Germany's top court on Wednesday ruled lawmakers must legally recognise a "third gender" from birth.
Since 2013, it was possible to leave the gender box blank on birth certificates, for those born as intersex.
The new legislation must be in force by December 31, 2018, the court said.
Berlin pledged to follow through with the ruling, with interior ministry spokesman Johannes Dimroth saying that the government "stands ready to implement it".
In its ruling (in German), the court said: "Because [the plaintiff's] intersex identity is clear and lasting, they are entitled to equal recognition of their gender as a manifestation of their general personality rights".More news: Apple tipped to launch standalone AR headset in 2019
Intersex people are born with a mixture of male and female sex characteristics.
"Research suggests, however, that in a few births per thousand some individuals will be born with a single sex chromosome (45X or 45Y) (sex monosomies) and some with three or more sex chromosomes (47XXX, 47XYY or 47XXY, etc.) (sex polysomies)", the World Health Organization explained, adding that other intersex cases involve 46XY individuals being born female due to a mutation on the Y-chromosome. "An intersex person may be straight, gay, lesbian, bisexual or asexual, and may identify as female, male, both or neither". "We are completely overwhelmed and speechless".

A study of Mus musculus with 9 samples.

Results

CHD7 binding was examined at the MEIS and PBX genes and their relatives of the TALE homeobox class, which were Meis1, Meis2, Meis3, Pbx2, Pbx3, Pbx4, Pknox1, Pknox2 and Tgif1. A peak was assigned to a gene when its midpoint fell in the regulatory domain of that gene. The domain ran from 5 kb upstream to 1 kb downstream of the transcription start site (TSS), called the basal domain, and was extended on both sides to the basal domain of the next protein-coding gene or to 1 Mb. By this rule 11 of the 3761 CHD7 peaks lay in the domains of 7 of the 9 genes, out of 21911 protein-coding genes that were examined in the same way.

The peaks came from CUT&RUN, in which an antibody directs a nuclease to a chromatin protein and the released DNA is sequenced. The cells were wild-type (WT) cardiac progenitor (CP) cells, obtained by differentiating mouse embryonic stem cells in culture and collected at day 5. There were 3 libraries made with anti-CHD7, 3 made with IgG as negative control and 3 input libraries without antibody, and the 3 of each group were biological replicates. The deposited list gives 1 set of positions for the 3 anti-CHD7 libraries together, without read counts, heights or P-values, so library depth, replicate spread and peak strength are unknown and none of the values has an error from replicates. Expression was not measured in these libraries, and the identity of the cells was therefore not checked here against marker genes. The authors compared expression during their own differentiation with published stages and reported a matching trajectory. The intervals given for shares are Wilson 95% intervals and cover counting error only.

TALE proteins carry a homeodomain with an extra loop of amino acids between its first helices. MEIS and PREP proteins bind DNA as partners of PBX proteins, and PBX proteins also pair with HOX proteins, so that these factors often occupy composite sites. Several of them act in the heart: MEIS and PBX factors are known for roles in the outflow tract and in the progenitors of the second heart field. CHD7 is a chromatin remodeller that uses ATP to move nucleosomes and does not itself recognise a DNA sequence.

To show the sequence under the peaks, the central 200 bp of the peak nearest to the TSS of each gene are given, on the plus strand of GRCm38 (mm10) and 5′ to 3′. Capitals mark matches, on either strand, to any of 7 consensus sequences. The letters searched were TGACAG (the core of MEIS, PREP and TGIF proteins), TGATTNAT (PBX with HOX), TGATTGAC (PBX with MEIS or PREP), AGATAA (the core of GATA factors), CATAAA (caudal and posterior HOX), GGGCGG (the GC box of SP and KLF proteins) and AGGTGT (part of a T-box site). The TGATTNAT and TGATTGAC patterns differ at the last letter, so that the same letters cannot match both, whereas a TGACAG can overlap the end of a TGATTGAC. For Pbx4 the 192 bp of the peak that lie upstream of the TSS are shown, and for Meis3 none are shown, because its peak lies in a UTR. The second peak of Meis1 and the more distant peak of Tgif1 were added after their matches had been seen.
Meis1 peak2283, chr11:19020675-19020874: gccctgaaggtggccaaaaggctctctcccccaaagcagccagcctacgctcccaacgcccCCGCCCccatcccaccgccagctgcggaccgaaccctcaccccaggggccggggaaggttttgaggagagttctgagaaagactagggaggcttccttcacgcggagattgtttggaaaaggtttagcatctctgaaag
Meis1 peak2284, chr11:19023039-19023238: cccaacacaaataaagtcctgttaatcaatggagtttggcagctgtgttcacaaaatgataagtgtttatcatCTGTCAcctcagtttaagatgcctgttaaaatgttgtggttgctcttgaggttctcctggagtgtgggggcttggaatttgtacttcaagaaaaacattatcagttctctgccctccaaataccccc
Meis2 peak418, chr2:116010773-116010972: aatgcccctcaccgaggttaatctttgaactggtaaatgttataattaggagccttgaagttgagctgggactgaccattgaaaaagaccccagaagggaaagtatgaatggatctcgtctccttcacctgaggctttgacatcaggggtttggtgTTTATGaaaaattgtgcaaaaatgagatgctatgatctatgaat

The court said this could mean doing away with gender in official registration altogether, or "adding a positive designation of a gender" such as the terms suggested by the complainant: "inter/diverse" or "diverse". "That's a small revolution in the gender area", the group said in a tweet.
The UN believes between 0.05 and 1.7 per cent of the global population is intersex - about the same percentage that have red hair.
New York, America's largest and one of its most liberal cities, previous year issued the first United States birth certificate marked "intersex".